MORGANTOWN - At 2:24 p.m. Tuesday, WVU guard Terry Henderson stood in an empty Coliseum working on free throws with a friend or team manager.
It was a good sign for the Mountaineer faithful. At the end of the 2011-12 season, Gonzaga, the visitors later Tuesday evening, chopped up WVU 77-54 in the NCAA tournament in Pittsburgh. At the beginning of last season, the Zags put an even worse beating on the Mountaineers by 85-50 in Spokane, Wash.
I remember both vividly. Was at both. So I had to see the final chapter. Would WVU finally get over the hump this season after close losses to Virginia Tech, Wisconsin and, in the end, Missouri? Or would it be Beatdown, Part III? (Add a Roman numeral or two if we're talking solely about West Virginia coach Bob Huggins. When Huggins was coaching Cincinnati, his Bearcats were playing Gonzaga in an NCAA tournament game. Both Huggins and Bearcats radio announcer Chuck Machock were tossed out by official Mike Kitts.)
It seemed something was different Tuesday. There was Henderson, working on his game early in the day, starting. There was former Mountaineer coach Gale Catlett, who seemingly has been missing in action since resigning in 2001, sitting to the left of press row. (He was there to help the school honor ex-WVU standout Dale Blaney.) There was Da'Sean Butler. And even an actual, decent, if not spectacular, crowd showed. The attendance: 9,350.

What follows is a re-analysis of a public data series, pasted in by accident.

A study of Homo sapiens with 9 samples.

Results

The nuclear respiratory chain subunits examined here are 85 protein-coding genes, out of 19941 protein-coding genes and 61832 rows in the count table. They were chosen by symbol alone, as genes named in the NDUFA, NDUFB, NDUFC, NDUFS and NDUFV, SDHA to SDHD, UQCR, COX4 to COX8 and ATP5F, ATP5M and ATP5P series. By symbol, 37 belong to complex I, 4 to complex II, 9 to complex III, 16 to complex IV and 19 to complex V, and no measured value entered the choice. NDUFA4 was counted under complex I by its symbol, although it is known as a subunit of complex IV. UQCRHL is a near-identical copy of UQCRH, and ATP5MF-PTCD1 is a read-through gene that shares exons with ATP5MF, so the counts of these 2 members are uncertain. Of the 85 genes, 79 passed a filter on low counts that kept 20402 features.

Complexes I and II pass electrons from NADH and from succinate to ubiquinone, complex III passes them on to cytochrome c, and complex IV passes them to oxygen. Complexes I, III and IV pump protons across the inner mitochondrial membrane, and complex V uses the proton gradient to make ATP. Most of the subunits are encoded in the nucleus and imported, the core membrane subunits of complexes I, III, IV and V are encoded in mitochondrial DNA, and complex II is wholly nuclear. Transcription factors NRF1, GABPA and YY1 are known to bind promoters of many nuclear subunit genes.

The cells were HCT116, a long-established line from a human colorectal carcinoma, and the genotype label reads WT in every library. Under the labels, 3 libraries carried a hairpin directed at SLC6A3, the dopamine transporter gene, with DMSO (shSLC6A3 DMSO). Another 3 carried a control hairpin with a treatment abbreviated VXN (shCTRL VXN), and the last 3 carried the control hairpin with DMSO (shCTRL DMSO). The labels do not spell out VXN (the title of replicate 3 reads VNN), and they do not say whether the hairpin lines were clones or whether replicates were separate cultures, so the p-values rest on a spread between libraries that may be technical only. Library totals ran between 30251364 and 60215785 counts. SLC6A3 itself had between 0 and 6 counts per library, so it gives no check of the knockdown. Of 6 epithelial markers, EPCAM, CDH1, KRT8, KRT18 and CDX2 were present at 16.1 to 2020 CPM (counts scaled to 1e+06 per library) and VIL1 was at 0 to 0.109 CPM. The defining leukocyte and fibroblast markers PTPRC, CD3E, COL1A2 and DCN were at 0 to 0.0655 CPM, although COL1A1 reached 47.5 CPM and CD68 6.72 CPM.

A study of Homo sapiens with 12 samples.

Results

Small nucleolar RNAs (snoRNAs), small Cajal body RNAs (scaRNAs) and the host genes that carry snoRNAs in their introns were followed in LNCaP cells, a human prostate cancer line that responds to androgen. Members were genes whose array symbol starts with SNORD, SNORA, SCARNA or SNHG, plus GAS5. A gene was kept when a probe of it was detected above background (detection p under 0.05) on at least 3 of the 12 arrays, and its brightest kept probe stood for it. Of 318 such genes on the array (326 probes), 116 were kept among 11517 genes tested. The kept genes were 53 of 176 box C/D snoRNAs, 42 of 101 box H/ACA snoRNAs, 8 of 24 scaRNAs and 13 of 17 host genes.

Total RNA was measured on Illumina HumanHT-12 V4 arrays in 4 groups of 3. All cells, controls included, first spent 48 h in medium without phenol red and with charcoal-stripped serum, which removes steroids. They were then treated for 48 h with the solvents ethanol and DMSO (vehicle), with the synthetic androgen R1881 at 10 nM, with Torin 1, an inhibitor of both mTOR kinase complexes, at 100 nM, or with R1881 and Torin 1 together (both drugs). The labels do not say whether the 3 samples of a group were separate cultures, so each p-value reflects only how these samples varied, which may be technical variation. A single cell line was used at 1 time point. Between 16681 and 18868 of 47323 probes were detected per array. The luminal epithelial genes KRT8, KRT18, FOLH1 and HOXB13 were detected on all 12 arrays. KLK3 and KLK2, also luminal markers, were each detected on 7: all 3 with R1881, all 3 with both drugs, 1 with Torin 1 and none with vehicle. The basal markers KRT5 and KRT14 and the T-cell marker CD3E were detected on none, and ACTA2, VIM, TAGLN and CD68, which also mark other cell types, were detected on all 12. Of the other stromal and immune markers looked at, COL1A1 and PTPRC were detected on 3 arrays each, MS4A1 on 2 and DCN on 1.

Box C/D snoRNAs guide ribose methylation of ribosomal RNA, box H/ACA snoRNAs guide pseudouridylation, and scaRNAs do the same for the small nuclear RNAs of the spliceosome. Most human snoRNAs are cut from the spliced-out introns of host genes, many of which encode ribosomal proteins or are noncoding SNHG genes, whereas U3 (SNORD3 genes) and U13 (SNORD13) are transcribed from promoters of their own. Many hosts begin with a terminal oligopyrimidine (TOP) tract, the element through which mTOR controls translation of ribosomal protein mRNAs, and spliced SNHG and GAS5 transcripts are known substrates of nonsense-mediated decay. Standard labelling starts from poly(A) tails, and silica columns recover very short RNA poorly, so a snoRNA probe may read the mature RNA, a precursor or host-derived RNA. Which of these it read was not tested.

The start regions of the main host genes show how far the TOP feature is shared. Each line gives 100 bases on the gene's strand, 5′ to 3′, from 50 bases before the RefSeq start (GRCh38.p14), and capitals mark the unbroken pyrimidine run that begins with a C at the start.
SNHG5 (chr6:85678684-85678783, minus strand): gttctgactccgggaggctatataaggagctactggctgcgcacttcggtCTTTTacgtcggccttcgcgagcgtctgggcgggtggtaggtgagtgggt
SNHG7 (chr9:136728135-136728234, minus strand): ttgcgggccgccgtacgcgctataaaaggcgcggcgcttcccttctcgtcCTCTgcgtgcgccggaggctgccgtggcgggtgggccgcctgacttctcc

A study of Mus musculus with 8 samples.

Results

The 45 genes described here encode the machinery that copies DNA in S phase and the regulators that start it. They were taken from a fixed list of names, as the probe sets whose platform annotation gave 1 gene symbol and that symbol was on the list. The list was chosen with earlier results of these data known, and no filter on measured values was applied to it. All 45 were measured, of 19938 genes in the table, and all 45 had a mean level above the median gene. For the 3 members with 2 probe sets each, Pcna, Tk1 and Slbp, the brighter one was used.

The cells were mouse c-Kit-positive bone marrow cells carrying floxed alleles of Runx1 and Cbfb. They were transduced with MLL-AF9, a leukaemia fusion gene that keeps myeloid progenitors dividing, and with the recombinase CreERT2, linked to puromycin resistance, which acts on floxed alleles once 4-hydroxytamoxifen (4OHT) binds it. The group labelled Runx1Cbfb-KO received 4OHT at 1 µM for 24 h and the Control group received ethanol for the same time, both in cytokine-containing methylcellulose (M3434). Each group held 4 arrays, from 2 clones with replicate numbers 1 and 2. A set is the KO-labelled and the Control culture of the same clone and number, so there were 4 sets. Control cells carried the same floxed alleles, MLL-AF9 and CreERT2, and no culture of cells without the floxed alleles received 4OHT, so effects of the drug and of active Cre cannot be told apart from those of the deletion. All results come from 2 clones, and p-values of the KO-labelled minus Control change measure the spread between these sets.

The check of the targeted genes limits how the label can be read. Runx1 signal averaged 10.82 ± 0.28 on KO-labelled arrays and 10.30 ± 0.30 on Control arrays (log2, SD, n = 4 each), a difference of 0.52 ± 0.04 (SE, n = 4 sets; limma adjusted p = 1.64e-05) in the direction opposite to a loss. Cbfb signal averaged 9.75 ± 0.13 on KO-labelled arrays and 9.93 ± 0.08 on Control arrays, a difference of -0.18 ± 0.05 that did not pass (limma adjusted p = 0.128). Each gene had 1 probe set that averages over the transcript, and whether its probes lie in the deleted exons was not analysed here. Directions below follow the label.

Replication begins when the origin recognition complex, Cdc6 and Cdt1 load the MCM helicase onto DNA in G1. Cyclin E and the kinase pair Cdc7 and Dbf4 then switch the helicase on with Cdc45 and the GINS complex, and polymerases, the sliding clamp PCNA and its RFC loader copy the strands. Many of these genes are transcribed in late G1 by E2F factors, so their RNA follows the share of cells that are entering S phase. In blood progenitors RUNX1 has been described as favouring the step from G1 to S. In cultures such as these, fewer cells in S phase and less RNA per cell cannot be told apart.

In the end, though, the only thing that was different was the margin of Gonzaga's victory. It was not 23. It was not 35. It was four, 80-76.
WVU has now lost 14 straight and 18 of 21 to Top 25 teams. The last Mountaineer victory over a Top 25 team was Jan. 7, 2012 at home against Georgetown.
Yes, another one.
I swear, though, in the first half, we saw something different. Gonzaga, as always, looked poised, but missed uncharacteristically, to the tune of 38.2 percent shooting (30 percent from 3-point range). The Mountaineers had some spark, especially Eron Harris, who had 18 FIRST-HALF points. The hosts had but one turnover.
Huggins even seemed to be combating Gonzaga coach Mark Few with a player who would fit nicely in Spokane: Nathan Adrian. The Morgantown High product gave WVU a different look by trapping a Zag in the corner, blocking a shot and hitting a trey from the perimeter.
In the second half, Henderson, who seems to have his hops back, jammed on a follow of a Devin Williams airball. Juwan Staten got the roll on a drive.
Four WVU guards and Remi Dibo? No problem. The Mountaineers were up by 10 at the 16:08 mark.
Then we saw the familiar sight. Piece by piece, step by step, West Virginia began to crumble. On this night, Gary Browne was the inverted spark with a dribble into the arms of David Stockton. He missed shots. He was called for blocking.
Then Kevin Pangos took over. One trey. Then another. Then another. Soon, at 2:25 left, Gonzaga was up by 8. A WVU rally fell short.